Mandurah to host young entrepreneur market at Make Place in August

When 14-year-old Mandurah resident Wilder Rowe decided it was time to get a job, instead of getting casual hours at a near fast food restaurant he decided to become his own boss. 

He put his mind to work and decided to create a t-shirt business from scratch.

His brand, Knot Shore Clothing, specialises in tie dye t-shirts and was featured at this year’s Stretch Arts Festival market.  

“Always when I was younger I made shirts just as a fun thing, so I just put it to an idea and ended up finding a market and doing it this year,” Wilder said.

“It’s better than having to work six hours a day and have to worry about going to work every day.

“I can just pick a day when I need to do this, get that done and then I can just go wherever I want and still be making money off it without wasting my life away in a fast food industry or anything like that.”

The young entrepreneur said he had found being his own boss quite easy so far, with most of his sales coming from word of mouth and traffic on his business Facebook page.

He said he is planning to continue with his side businesses for as long as he can, but doesn’t rule out experimenting with other products. 

“I’m planning to carry on with the business and then see how schooling goes,” he said.

“At this point I’m trying to figure out if I stay at school or I drop out at the end of Year 10 and do a business and photography career.”

Talent: Lacey Filipich, Emma O'Neill and Wilder Rowe. Photo: Marta Pascual Juanola.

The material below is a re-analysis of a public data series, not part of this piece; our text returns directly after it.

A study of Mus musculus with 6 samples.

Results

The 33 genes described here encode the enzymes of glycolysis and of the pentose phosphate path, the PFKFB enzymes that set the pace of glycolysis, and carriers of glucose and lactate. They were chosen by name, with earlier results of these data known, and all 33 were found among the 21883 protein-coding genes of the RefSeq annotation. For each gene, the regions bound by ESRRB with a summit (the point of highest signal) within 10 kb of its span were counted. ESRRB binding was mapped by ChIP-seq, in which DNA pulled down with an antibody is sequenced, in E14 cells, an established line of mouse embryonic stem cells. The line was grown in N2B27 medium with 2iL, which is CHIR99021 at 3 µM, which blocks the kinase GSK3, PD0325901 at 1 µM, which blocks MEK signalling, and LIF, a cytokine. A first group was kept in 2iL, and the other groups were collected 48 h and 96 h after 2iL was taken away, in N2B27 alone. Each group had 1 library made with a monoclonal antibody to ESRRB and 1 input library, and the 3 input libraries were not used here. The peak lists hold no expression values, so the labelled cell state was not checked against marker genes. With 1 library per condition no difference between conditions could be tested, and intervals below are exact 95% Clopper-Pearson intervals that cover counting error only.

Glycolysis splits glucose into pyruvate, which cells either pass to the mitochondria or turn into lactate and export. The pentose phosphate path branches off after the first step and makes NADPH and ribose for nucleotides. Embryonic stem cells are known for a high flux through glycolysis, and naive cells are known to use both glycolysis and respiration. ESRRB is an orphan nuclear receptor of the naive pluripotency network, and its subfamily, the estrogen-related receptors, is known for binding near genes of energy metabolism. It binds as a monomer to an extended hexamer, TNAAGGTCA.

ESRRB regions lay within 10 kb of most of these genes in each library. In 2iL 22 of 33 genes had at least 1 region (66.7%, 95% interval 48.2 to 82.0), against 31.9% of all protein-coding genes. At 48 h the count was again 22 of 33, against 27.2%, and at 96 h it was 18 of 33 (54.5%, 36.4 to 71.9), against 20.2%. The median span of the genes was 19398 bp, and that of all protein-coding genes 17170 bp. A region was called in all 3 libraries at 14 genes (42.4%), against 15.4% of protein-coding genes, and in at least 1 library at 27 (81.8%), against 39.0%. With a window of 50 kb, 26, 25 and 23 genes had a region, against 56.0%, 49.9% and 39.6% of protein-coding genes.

Talent: Lacey Filipich, Emma O'Neill and Wilder Rowe. Photo: Marta Pascual Juanola.

Like Wilder, 7-year-old resident Emma O’Neill, wanted to get some pocket money for herself without committing to a demanding job.

Being only 6 years old, she decided to reinvent the traditional lemonade stall and give it a fresh look.

“Her mum found an old singer sewing machine cabinet so the two of them converted it into a stand,” Emma’s dad Ryan O’Neill said.

“They sanded it all up, cleaned it up, painted it blue and made it this pretty little kids sort of stand.”

Since her first market in November last year, Emma has been selling her homemade lemonade at her parent’s food truck business, markets and private functions.

She has created her own raspberry pink lemonade and she hires her sister every now and again to help her with the workload when business gets hectic.

“She’s a 7-year-old but she’s got pretty good savings at home,” Mr O’Neill said.

Emma is now considering to bottle up her cordial and sell it in town.

Kidtrepreneus meet up

Young West Australian entrepreneurs like Wilder and Emma will meet at Make Place on August 19 to put together a market.

The event will run between 9.30am and 1.30pm and will include vendors from across the broader Perth region.

Organiser Lacey Filipich said the market was a great opportunity for young creative children to test out their products, meet customers and get some feedback without having to spend a cent in hefty stall fees.

“We’ve had some kids that now have shops online and one of our 10-year-olds has got her products in a store in Fremanlte now, which is pretty amazing,” she said.

“It seems to be a really good opportunity for the kids.”